In Deadlocked Race, Neither Side Has Ground Game Advantage

Oct 31, 2012

Just as the presidential race is deadlocked in the campaign’s final days, the candidates are also running about even when it comes to the ground game. Voters nationally, as well those in the closely contested battleground states, report being contacted at about the same rates by each of the campaigns. And with a fifth of likely voters reporting already having cast their ballots, neither Barack Obama nor Mitt Romney has a clear advantage among early voters. This is in sharp contrast to early voting at this point four years ago, which favored Obama by a wide margin.

Clearly, both campaigns are concentrating their efforts in the nine battleground states: Fully 78% of registered voters in those states say they have received something in the mail from one or more of the presidential candidates, while 60% have gotten pre-recorded calls about the campaign. Nationwide, 49% have received mail from the candidates and 42% have gotten campaign robocalls.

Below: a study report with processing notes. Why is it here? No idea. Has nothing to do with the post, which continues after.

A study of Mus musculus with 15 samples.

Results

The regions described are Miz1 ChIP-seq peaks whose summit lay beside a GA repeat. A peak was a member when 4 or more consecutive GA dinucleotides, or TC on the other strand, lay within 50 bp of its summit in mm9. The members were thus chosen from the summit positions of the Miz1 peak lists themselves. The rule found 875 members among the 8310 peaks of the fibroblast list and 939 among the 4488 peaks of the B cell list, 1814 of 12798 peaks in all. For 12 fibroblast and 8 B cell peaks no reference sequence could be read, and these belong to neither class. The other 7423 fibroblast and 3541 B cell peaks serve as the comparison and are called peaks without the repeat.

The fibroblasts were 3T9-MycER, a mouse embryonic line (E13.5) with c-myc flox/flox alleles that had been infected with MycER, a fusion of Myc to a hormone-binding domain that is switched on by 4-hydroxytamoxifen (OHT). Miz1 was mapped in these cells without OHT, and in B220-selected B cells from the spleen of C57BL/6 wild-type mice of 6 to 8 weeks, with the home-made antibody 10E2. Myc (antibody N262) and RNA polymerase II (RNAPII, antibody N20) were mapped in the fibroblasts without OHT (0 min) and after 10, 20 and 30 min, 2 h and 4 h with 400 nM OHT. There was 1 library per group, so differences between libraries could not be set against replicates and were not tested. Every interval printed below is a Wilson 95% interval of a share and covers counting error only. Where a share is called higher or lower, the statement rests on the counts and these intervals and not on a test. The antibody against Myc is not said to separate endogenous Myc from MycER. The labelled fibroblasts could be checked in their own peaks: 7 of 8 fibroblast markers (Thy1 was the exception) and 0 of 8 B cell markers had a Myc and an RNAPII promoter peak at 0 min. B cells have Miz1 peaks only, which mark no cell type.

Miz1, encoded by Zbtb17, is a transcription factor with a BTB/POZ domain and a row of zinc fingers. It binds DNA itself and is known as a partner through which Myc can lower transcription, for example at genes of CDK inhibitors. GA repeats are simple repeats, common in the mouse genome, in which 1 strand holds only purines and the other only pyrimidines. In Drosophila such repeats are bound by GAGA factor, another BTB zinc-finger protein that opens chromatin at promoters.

The latest national survey by the Pew Research Center for the People & the Press, conducted Oct. 24-28 among 1,678 registered voters, including 1,495 likely voters, finds that about a third of all voters (32%) say they have been contacted by the Obama campaign (11%) or both campaigns (21%), while about as many (31%) say they have been contacted by the Romney campaign (10%) or both (21%). The survey was conducted before Hurricane Sandy hit the U.S.

Read the full report, In Deadlocked Race, Neither Side Has Ground Game Advantage, on the Pew Research Center for the People & the Press website.